San Diego, California - Naval Medical Center San Diego (NMCSD) made history August 9 when dermatologists performed their first allogeneic mesenchymal stem cell infusion on a patient -- the first ever performed at a U.S. military treatment facility.
Cmdr. John Trafeli, division head for Dermatology Research and head of Training and Research for Project C.A.R.E. (Comprehensive Advanced Restorative Effort) at NMCSD, led the procedure designed to address skin damage. The first patient enrolled in the study is a retired Navy veteran with skin damage resulting from years of exposure to the sun.
The procedure marked the beginning of a stem cell clinical trial at NMCSD that Navy physicians believe could lead to greater possibilities in using regenerative medicine for patients for a variety of conditions such as traumatic brain injuries, musculocutaneous injury, and even dental disease.
"I believe there's an opportunity to make a difference in the lives of those warfighters affected not only by skin issues, but by other conditions like traumatic brain injuries," said Trafeli. "This clinical trial could well be the precursor to greater possibilities and greater healing for those warfighters facing such challenges."
The infusions involve the venous injection of allogeneic mesenchymal stem cells (MSCs), which are derived from the bone marrow of non-fetal human tissue provided by an adult donor other than the patient. The cell type NMCSD chose is unique because they are grown under hypoxic conditions at 5 percent oxygen, and are therefore designated ischemia-tolerant MSCs (itMSCs). The itMSCs secrete a unique profile of stem cell factors and other important proteins, which preclinical data indicates may contribute to improved homing and engraftment of the cells compared to MSCs grown under higher oxygen concentrations.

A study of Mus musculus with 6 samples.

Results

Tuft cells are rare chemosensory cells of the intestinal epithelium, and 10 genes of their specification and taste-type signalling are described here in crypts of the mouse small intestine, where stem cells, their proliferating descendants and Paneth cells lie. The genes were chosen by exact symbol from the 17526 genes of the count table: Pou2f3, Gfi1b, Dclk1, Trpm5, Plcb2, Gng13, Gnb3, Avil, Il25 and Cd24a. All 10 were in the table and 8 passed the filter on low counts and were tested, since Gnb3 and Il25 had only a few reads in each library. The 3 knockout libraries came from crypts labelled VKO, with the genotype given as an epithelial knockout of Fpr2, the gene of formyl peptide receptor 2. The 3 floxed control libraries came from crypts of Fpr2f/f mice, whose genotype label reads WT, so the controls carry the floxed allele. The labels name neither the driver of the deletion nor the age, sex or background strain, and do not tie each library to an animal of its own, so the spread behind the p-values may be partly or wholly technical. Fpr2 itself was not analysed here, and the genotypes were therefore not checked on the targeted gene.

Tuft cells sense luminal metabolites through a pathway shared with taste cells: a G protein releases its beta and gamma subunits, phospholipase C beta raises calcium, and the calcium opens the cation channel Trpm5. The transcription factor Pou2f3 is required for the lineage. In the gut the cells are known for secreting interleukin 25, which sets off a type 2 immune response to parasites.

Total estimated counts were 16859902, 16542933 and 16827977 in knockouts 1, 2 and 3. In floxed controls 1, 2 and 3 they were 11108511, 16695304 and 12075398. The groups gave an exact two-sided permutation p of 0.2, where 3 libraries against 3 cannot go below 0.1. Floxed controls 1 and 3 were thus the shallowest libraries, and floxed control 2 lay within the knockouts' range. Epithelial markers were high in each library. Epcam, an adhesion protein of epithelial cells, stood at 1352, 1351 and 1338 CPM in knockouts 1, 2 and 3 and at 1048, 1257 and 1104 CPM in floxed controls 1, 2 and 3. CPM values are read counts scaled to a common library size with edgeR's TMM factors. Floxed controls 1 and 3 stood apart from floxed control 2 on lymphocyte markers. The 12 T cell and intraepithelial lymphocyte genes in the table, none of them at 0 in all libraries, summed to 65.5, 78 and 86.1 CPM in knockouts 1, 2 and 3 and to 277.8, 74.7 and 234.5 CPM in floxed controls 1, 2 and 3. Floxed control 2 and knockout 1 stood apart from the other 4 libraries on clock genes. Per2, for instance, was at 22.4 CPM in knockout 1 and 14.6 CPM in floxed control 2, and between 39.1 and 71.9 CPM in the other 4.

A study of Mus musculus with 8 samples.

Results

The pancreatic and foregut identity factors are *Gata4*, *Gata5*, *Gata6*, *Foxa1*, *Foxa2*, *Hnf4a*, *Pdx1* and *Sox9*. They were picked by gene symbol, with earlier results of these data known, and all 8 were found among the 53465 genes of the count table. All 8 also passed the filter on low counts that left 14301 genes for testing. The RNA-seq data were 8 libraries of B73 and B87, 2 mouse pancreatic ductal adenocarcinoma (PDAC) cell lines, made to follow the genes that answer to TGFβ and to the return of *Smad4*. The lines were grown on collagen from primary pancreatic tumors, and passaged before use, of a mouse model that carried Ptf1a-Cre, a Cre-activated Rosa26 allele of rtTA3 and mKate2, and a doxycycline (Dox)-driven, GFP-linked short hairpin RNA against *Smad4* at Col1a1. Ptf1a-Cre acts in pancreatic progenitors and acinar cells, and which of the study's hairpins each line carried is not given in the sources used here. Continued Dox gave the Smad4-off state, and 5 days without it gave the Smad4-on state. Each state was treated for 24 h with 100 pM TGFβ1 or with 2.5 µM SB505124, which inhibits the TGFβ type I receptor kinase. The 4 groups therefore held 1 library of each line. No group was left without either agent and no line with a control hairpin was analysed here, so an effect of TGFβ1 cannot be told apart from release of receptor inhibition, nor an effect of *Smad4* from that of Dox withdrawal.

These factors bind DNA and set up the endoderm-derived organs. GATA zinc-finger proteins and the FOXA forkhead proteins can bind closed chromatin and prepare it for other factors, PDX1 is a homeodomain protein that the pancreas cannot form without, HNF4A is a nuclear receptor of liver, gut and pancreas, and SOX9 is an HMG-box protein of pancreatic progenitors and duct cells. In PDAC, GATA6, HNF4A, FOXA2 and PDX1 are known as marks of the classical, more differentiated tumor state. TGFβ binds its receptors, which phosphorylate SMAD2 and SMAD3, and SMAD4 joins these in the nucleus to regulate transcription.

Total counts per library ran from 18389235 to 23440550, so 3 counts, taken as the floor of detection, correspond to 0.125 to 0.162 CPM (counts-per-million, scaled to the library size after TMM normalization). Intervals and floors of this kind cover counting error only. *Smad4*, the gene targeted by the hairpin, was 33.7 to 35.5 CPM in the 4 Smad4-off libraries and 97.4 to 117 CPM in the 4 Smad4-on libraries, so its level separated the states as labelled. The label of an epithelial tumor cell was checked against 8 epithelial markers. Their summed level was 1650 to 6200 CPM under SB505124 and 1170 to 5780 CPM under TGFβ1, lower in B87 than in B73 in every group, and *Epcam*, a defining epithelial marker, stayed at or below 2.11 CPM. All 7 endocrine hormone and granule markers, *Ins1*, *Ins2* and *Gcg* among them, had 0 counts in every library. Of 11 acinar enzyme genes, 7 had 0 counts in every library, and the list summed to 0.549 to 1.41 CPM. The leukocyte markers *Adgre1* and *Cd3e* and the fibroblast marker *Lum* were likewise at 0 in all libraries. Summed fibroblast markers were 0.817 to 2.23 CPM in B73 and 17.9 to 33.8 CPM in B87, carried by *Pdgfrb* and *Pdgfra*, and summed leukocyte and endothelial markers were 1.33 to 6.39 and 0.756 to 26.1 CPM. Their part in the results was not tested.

The clinical trial is the result of a collaborative research and development agreement between NMCSD and StemCutis LLC. The itMSCs are manufactured by a government-licensed current good manufacturing practices (cGMP) facility in California and are under exclusive license to StemCutis for skin conditions.
The trial was launched just over a month prior to the upcoming 2016 Project C.A.R.E. Summit, scheduled Sept. 7-9 at NMCSD, where renowned experts in various disciplines will provide insights into cutting edge breakthroughs in restorative and regenerative medicine throughout the military and private sector medical communities.
For more information about the Project C.A.R.E. Summit and attendance, visit the Project C.A.R.E. Website or call (619) 532-7110.